Breastfeeding should never be painful. Many mothers do report feeling, discomfort and/or tenderness, usually peaking on day 3 postpartum. The discomfort should subside after the first 30-60 seconds of each feeding. And that initial discomfort is expected to last no longer tahn 2-3 weeks postpartum.
Any pinching or pain that lasts longer than those first initial seconds or for weeks and weeks, misshapen nipples, bruising, severe cracking or bleeding can be an indication that something is not quite right.  Often times it is a simple fix, like a position change or showing a mother how to look for baby to open really wide. Other times it is something that takes a little more work. If you are experiencing pain, please reach out for help early, it can usually be fixed and there is no need to push through.

You don’t make any milk at first, you have to wait for it to come in.

Your body starts making Colostrum, which will be your baby’s first milk, around 16 weeks into pregnancy. As the end of pregnancy nears, some mothers report leaking and others do not. Leaking or not leaking during pregnancy, is not any kind of indicator of how your breastfeeding journey will go.
Since you already have milk, perfect for your newborns needs, it will not “come in” But you can expect your milk to transition from Colostrum to more Mature Milk, between 3-5 days postpartum. While there is a transition period, your body is making the milk your newborn needs the first few days. Frequent feeding during those first days is normal, to fill baby’s tummy and to tell your body to send that mature milk.
If you are worried that your baby may not be getting enough, please reach out to a lactation professional for support.

You have to use cradle hold, it’s the “right” way.

Definitely not! There is no right or wrong position to feed your baby, as long as you are both comfortable. Try many positions or stick with one, whatever feels best to you!

Breastfeeding requires a certain diet.

For the most part, the only diet breastfeeding requires is actually eating. Eat if you are hungry, and don’t skip meals. Breastfeeding uses approximately 300-500 calories and your body needs that fuel! There are no foods you need to avoid, unless you find your baby is sensitive.
Some moms report that certain foods or galactagogues help their milk supply, but the research tells us that not all mothers respond in the same way. And it is always important to determine the root cause of any potential or perceived low supply, before taking action.
Regarding herbs or supplements, please consult with a lactation professional and speak with your Dr. before starting anything new.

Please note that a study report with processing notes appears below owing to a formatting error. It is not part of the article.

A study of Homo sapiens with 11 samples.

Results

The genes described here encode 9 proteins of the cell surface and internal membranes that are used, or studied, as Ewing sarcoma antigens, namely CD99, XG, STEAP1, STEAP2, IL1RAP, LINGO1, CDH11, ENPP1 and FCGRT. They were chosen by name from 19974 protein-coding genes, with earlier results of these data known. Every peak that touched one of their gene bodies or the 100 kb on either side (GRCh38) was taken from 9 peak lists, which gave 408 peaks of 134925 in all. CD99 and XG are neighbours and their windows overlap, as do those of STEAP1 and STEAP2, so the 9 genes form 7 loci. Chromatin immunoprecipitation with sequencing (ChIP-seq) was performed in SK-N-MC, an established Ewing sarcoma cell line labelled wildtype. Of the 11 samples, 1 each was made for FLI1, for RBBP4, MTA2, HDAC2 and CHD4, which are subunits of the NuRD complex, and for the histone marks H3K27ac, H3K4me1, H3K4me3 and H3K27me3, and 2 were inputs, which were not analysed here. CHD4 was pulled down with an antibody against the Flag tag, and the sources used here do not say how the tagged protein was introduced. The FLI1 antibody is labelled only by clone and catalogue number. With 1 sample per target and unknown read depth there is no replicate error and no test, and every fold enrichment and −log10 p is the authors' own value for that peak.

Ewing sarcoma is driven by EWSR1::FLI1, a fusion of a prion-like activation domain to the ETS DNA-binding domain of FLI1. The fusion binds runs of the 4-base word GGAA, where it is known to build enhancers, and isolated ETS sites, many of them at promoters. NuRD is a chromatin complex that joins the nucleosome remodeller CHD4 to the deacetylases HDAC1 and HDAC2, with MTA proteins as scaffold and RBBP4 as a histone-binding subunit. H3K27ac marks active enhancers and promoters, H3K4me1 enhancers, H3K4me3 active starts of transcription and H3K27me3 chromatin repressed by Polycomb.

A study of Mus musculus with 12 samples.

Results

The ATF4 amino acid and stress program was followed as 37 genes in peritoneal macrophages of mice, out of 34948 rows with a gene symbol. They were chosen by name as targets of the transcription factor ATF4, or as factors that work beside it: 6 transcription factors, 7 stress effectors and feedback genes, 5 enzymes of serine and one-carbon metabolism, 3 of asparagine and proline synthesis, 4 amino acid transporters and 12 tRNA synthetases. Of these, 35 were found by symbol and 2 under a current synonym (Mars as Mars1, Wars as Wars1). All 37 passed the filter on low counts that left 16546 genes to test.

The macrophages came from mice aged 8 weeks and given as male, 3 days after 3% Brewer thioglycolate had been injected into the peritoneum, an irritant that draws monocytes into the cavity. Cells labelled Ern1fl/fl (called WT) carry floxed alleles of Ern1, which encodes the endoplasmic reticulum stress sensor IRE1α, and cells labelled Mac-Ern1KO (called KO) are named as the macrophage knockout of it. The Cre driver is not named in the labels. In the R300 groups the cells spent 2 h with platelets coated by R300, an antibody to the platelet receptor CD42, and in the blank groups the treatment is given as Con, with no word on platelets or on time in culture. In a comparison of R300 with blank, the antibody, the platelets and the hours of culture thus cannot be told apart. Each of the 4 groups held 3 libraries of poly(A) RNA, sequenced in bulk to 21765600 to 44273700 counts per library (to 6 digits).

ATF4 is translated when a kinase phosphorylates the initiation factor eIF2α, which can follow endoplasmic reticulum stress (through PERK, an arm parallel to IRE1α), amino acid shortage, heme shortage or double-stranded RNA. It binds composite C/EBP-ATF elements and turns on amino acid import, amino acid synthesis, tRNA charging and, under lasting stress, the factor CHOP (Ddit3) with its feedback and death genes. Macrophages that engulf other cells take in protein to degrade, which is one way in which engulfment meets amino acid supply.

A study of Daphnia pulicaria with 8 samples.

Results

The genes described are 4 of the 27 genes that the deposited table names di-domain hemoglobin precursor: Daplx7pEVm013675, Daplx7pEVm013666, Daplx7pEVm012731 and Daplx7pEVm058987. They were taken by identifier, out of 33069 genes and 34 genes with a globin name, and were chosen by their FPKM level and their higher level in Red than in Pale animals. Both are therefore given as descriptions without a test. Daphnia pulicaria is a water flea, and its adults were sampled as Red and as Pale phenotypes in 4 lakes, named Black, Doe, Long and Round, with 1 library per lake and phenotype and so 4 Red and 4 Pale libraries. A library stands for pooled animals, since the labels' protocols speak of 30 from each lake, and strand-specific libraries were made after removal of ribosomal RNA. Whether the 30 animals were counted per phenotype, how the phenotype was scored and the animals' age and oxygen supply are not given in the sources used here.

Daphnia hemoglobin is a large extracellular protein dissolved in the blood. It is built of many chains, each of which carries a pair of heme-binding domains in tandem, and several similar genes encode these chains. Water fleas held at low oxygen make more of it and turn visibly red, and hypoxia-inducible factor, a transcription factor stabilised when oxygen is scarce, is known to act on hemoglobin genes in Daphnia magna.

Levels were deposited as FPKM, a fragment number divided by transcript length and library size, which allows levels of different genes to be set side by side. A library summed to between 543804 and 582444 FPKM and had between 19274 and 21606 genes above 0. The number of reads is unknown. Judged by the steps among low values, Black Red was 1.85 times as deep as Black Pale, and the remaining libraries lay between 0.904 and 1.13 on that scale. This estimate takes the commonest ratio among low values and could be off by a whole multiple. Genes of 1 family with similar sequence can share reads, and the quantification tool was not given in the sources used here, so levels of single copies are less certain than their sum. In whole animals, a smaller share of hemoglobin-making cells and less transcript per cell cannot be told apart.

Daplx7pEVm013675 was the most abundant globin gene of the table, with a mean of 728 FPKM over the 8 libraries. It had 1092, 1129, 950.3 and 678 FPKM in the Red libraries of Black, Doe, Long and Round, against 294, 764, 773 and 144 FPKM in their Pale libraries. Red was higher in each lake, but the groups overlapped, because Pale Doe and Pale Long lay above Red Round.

What you express when pumping, is all the milk you make.
Breastpumps are amazing tools that allow parents to give their baby(s) breast milk, if they are away from them or struggle with or even choose not to latch them.
But ultimately pumps are not a baby, and they don’t always remove milk like a baby. The amount of milk a mom can pump is not necessarily and accurate indicator of her supply. Some mamas don’t respond well to pumps, and that doesn’t mean they won’t be able to make plenty of milk for their baby. There are some ways that you optimize your pumping: proper flange fit, customized settings, and hands on pumping can all help remove milk efficiently. You can tell if your baby is getting enough milk from you by watching for good amount of wet and dirty diapers, their weight gain and growth, and their cues.
If you are worried that your baby isn’t getting enough milk, please reach out for help. Every journey is different and with the help of a lactation support professional, you can reach your breastfeeding goals.

My mom, sister, or cousin struggled with breastfeeding, so I will too.

Breastfeeding success isn’t genetic. Just like pregnancy, your experiences will probably all be different! Birth stories, support, a baby’s personality, confidence levels, life situations….so many things can factor in to a breastfeeding journey. So please don’t think just because someone close to you struggled, means that you will. A small number of moms breastfeeding struggles are related to genetics, and if issues arise, they can be addressed and a plan can be made to meet whatever breastfeeding goals that mom has.
Did any of these things come as a surprise to you? Or are there other breastfeeding myths you would us to bust? Tell us in the comments or on our social media posts!